With jobs hard to find, many have turned to law school, where applications have soared more than 22%. Impact of Sept. 11 is cited.

April 12, 2002|ANNA GORMAN | TIMES STAFF WRITER

College graduates hoping to ride out the recession and postpone the inevitable job search have applied to law schools in droves this year, stiffening competition for limited spots.

Across the country, applications have risen more than 22.6% to 80,795 by late March--the biggest annual increase in more than a decade, according to the nonprofit Law School Admissions Council.

Many law schools are still tallying their totals, with deadlines stretching into June at some campuses. But if the number of people taking the Law School Admissions Test is any indication, the application rates could continue to rise. The total number of test takers this year was 133,800, up 22.7% over last year.

Admissions officials attribute much of the increase in applications to the downturn in the economy, including fallout from the dot-com collapse and the September terrorist attacks. Many students are enrolling in law school to bide their time during the job market slump and to improve their chances for getting a job when the economy improves, admissions officials said.

Applicants' Entrance Essays Focus on Sept. 11

"Before 9/11 and the collapse of the economy, there were a lot of consulting firms and companies that were snatching the top students and offering them jobs in accounting and marketing," said Edward G. Tom, director of admissions at UC Berkeley's Boalt Hall School of Law. "That's not happening now with the current graduating class."

The terrorist attacks also renewed interest in and respect for the legal profession, said Joyce Curll, assistant dean for admission and financial aid at Harvard Law School. About 50 applicants wrote essays saying Sept. 11 encouraged them to pursue careers as lawyers, she said.

"There are people who see the law as a way to make sense of the confusion and to make a difference," Curll said.

Alison Betts, 28, said Sept. 11 influenced her decision, but in a different way.

"It made me realize that life is not eternal," she said. "If I wanted to achieve this goal, now would be the time to jump on it."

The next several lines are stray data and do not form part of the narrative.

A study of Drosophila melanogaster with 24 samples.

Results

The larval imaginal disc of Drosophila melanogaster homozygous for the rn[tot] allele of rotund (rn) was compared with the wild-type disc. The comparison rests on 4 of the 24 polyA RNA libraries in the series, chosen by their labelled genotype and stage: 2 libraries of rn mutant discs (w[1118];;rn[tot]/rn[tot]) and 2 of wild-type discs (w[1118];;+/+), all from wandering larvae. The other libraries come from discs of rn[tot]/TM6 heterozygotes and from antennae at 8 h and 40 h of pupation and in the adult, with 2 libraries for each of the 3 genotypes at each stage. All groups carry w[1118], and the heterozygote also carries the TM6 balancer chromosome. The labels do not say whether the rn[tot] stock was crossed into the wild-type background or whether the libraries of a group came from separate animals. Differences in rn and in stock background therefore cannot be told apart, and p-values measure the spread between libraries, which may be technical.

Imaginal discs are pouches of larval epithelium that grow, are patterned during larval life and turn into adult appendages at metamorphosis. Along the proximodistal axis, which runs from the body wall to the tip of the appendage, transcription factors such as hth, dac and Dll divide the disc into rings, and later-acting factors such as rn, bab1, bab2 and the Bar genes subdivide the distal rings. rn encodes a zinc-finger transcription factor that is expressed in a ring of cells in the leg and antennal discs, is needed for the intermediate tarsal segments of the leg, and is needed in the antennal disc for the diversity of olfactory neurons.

Betts, who spent the last several years modeling and acting in Los Angeles, said she had always thought about law school. The recent decline in entertainment jobs has put a strain on her career and prompted her to consider the legal profession more seriously.

Betts said she is eager for the challenge of law school, as well as the stable paycheck she expects a job as a lawyer would bring.

Increases have been seen in private, public, small and large schools. Harvard Law School applications rose by 19% over last year, with 6,945 applications received by March 15 for 550 spots. Berkeley's law school has received 6,892 applications for 270 spaces, an increase of 22% over last year. Southwestern, in Los Angeles, has received 2,300 applications for 400 spaces, more than 40% more than last year. Pepperdine, meanwhile, received 2,800 applications by late March for 215 spaces, an increase of 22%.

Other types of graduate programs also had increases in applications, said Peter Syverson, vice president for research at the Council of Graduate Schools, which tracks enrollment nationwide.

The last time there was such an increase in graduate enrollment was in the mid-1980s, when the U.S. economy slowed and unemployment rates rose, according to Syverson. That was about the same time that the television show "L.A. Law" was popular and lured young people to the legal profession.

Many applicants to law school are straight out of college. Others are older and have been laid off from their jobs or are seeking a career change.

Dan McCall, 22, who majored in Asian studies at Georgetown University, said he realized that he couldn't rely on his college degree and needed a graduate education to get a good, high-paying job.

"I definitely didn't see an abundance of job opportunity," said McCall, who has been working as a paralegal in Washington since graduating in May 2001. "Choices seem to be a little more restricted now. You can't just leave college and hitch your wagon to one of those dot-coms."

Though he's not sure he wants to be a lawyer, McCall said he believes a law degree will help him in whatever career he chooses. McCall has been accepted to Georgetown Law School and is awaiting a letter from one more school.

Admissions Offices Being More Selective

The boom in applications doesn't necessarily mean good news for prospective students. Competition is tougher and most campuses aren't expanding their class size to meet the higher demand. Instead, admissions officers are taking the opportunity to be more selective and improve the quality of their entering class.

"It gives us a wider variety and range of candidates from which to select," said Tom, of Boalt Hall School of Law.

Competition was already tough. Though 77,200 people applied to bar-approved law schools nationwide last year, only 45,100 ended up enrolling, according to the Law School Admissions Council, which includes 185 law schools approved by the American Bar Assn.